SAN DIEGO -- There's more than one side to every story, and the Padres' 2-0 loss to the Astros on Monday night is a perfect example.

The basic hits-runs-errors line tells one story: it was a frustrating night for the Padres, as they outhit the struggling Astros 6-5 but still could not eclipse the runs Houston scored on two early sacrifice flies.

"A hit here and there, and we're right back in the game," Padres manager Bud Black said. "We couldn't seem to barrel enough balls."

The more esoteric parts of the box score tell another tale. The game took three hours, 21 minutes and saw nine combined pitchers throw 316 pitches. The five Padres pitchers yielded nine walks but stranded 13 Astros runners. That line reveals the grunt work done by the bullpen, which battled through 4 2/3 scoreless innings in support of a struggling Kip Wells (1-3).

"[The bullpen] was stressed a couple times, and they came out of it unscathed," Black said. "We had to use them all, and they responded."

Wells struggled to find his command from the get-go, though that the Padres were in an early hole wasn't entirely his fault. The game's first batter, Astros second baseman Jose Altuve, lined a ball to center field, where Cameron Maybin charged hard only to see the ball sail over his head. The misplay became a double that turned into a run when Marwin Gonzalez moved Altuve to third with a groundout and first baseman Scott Moore drove him home with a sacrifice fly.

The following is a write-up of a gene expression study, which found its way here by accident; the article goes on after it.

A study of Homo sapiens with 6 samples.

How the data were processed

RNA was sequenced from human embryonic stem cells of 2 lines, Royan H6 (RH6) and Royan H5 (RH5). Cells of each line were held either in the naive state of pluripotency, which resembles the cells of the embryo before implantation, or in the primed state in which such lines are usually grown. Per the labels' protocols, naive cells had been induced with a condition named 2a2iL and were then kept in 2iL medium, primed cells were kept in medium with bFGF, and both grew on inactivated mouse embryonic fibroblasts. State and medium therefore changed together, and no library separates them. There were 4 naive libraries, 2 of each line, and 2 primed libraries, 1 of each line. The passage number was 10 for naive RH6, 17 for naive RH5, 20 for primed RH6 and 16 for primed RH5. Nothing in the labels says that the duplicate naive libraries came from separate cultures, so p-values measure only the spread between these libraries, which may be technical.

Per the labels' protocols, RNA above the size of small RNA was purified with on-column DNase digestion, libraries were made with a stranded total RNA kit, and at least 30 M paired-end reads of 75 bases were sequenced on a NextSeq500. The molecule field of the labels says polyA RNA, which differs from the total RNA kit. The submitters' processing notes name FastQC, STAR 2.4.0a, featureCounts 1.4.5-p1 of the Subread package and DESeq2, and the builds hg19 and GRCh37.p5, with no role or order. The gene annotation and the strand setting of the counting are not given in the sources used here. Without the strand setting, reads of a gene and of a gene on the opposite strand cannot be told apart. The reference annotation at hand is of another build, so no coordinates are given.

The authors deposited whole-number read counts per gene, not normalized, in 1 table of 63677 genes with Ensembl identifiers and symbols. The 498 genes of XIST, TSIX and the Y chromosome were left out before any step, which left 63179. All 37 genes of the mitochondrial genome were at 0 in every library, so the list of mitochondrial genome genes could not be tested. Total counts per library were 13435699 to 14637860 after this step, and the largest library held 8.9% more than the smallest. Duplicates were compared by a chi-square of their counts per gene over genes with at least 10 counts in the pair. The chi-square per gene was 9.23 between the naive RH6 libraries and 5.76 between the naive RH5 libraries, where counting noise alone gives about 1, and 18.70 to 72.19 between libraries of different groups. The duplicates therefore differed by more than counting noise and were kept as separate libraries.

Altuve and Moore also combined for the Astros' second run in the third inning. Altuve, Houston's 22-year-old All-Star, walked with one out, stole second base and moved to third on a Gonzalez single, setting up Moore's second sac fly of the game.

That walk was one of five issued by Wells over his 4 1/3 innings. He yielded three hits and struck out two, but labored before handing the ball off to the bullpen with the bases loaded and one out in the fifth.

"We kind of had a plan to pitch them backwards at times: with certain guys, start them soft, finish them hard. ... When that didn't work, I didn't make an adjustment quick enough to go to more fastballs," Wells said. "That being said, the bullpen came in and did a great job."

It certainly wasn't easy for the bullpen.

The first man to relieve Wells was San Diego-area native Nick Vincent, who was recalled from Triple-A Tucson prior to the game. He came in to that bases-loaded, one-out jam and proceeded to strike out cleanup hitter Justin Maxwell before getting Brian Bogusevic to ground out. He also twirled a scoreless sixth.

That wasn't the only bases-loaded situation escaped by a Padres reliever, as Dale Thayer also inherited that sticky scenario from lefty Alex Hinshaw in the eighth. Like Vincent a few innings earlier, Thayer struck out the first man he faced before inducing an inning-ending flyout. The righty went on to throw a scoreless ninth.

"Vincent did a nice job, Thayer did a nice job," Black said. "Those guys really picked each other up."

But the Padres' offense simply couldn't pick up its pitching staff, despite having runners in scoring position in the sixth, seventh, and eighth innings. San Diego scattered six hits among five different players, including doubles from Alexi Amarista and Jesus Guzman. Amarista, who also singled to make him the only Padre with a multi-hit game, was a late addition to the starting lineup after outfielder Carlos Quentin was scratched with right knee soreness.

The San Diego offense was held at bay by a strong performance from Houston starter J.A. Happ (7-9), who threw 6 1/3 scoreless innings while scattering four hits with four strikeouts. Brett Myers recorded his 19th save with a scoreless ninth, nailing down a win that snapped a 13-game road losing streak for the Astros.